I was afraid to say I was gay. Even at 44, I was afraid what everyone would think

Orla Doherty found sex, drugs and rock’n’roll in San Francisco. She also rediscovered squash

Proud to be a Northsider, I was raised in the gorgeous seaside town of Portmarnock. I’ve had three running away stages. In 1989, fresh off a secretarial course, I headed for England and tried my hand at playing professional squash. This lasted three years. I returned briefly to Ireland in 1992 and at the tender age of 22, I announced to my parents that I was gay.

Given that homosexuality was illegal in Ireland at the time, it didn’t go down well. My mam initially thought it was just another phase and I’d get over it much like my Cure-head phase, or that time I wanted to be a nun. My father on the other hand, worried about my future in an intolerant and prejudiced Ireland and nudged me gently to apply for a US Green Card in the Irish Lottery.

Winning said card in August 1993 I set sale for San Francisco, a city with the largest gay population in the US. Murphy’s Law meant that three months later, homosexuality would be legalised back home!

With £300 in my pocket, my eyes remained wide open for about six months. Propelling myself onto the streets of the Castro, which is still one of the most prominent areas of lesbian, gay, bisexual, and transgender (LGBTQ+) activism and events in the world, nothing was taboo. Everyone was accepted, regardless of race, gender, sexuality or musical tastes. I thought I’d died and gone to heaven. Donning a lovely little hairnet for my job at Mrs Fields Cookie Factory, I was able to keep myself nourished with Southern Comfort. I also discovered sex, drugs, and rock’n’roll.


My budding squash career was put on hold as I immersed myself in a world that had once been a fantasy. Several girlfriends later, while working as a Pinkerton Patrol Officer at Hewlett Packard, I moved to Las Vegas. During a short stint as a private investigator in the casinos, I stumbled upon a squash facility.

Thanks to a woman who saw me play and who dragged me to the courts daily, I unleashed myself back into a squash career. Holding positions as head coach at Cornell University, Tufts and MIT, I was also heavily involved in urban squash programmes for disadvantaged youth. I began competing again, winning five Irish titles in my age group. I spent 22 years in the US, 19 of which launched my professional coaching career.

Mental Health challenges came knocking on my door in my late 20s, leading to surprise but welcome visits to psychiatric wards. I attribute many of my struggles to the fear I had of being myself as a kid. Being afraid to tell anyone I was gay, being afraid of what people might think, what Holy Mary might think, what my dad might think... Even at age 44, when I got married for the second time, I was afraid of what everyone would think.

After the death of my father in 2009, followed by the sudden death of my aunt in 2014, I decided to come home. Arriving in Dublin with my then-wife, I continued a career in squash coaching. Strangely, I also discovered stand-up comedy, and performed at Electric Picnic in 2018. At age 47 I had a mini-stroke. No better time to decide that I might want to represent Ireland at squash. Training like a twenty-something, at age 48 I became the oldest female to represent a National Squash Team.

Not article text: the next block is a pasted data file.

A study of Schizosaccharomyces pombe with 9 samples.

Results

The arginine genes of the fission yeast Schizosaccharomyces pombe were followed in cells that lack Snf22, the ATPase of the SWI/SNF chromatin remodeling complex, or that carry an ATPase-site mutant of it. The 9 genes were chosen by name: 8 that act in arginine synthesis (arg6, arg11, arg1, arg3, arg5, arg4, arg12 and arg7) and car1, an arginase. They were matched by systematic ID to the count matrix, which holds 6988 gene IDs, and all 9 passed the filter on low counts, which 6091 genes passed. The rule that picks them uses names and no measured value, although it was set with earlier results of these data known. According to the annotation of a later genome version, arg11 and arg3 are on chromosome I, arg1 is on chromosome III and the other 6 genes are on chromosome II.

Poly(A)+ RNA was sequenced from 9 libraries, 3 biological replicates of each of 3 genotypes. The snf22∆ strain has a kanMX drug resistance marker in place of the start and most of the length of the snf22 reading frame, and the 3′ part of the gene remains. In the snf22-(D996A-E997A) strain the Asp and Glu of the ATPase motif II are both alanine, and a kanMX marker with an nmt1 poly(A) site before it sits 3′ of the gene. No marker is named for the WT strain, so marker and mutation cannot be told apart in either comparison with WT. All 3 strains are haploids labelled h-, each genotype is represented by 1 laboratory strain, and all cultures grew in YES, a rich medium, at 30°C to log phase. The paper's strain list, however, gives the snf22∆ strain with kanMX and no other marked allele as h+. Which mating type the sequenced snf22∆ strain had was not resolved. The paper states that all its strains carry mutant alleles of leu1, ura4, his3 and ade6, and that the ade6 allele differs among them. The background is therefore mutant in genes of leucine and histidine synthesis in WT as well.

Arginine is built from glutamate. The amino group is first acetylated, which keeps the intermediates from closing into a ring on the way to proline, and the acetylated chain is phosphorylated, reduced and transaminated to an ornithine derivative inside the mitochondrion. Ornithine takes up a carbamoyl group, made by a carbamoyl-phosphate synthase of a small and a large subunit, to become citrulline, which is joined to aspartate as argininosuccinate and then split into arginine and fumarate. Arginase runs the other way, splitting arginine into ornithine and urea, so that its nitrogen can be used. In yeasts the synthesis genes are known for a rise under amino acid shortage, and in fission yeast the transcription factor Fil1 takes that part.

The same year, attending my first ever Gay Pride Parade in Dublin, tears of joy flowed over my cheeks when I saw two young girls holding hands, with not a care in the world. I recalled how 30 years earlier, I’d be skulking sneakily around The Parliament or The George, petrified of being caught. I often wonder if I would have left Ireland in 1993 if it had it not been illegal to be who I was born to be. Would I have stayed?

Then Covid hit, my source of income disappeared and my marriage broke down. Inexplicably, I found new love in the midst of it all. In September 2020, I moved to Prague, where I now spend half my time. The other half is back in Malahide. I can’t let go of my roots.

I love Ireland. My partner and kids laugh at me when I well up with tears watching the rugby and the National Anthem comes on. I often play a bit of Christy Moore in the morning while I’m writing. Ireland is in my veins.

Just before my 50th birthday last year, I began writing and I haven't stopped. I have been published in several on-line magazines, all memoir pieces. Best of all I started a blog. I talk about my life adventures, splattered with comedy. I share the deepest parts of my life, my challenges and my shenanigans. Readers are laughing, people are relating. It is a joy and I can't stop writing.

Living between Prague and Dublin, I am blessed to have inspiration all around me. Prague with its glorious culture and magnificent buildings. Dublin with its music and laughter and stories and secrets. Dublin whispers to me, and I breath her in every time I step off the flight.

I’m currently working on my first novel and my memoir is on-going. It should be finished circa 2042.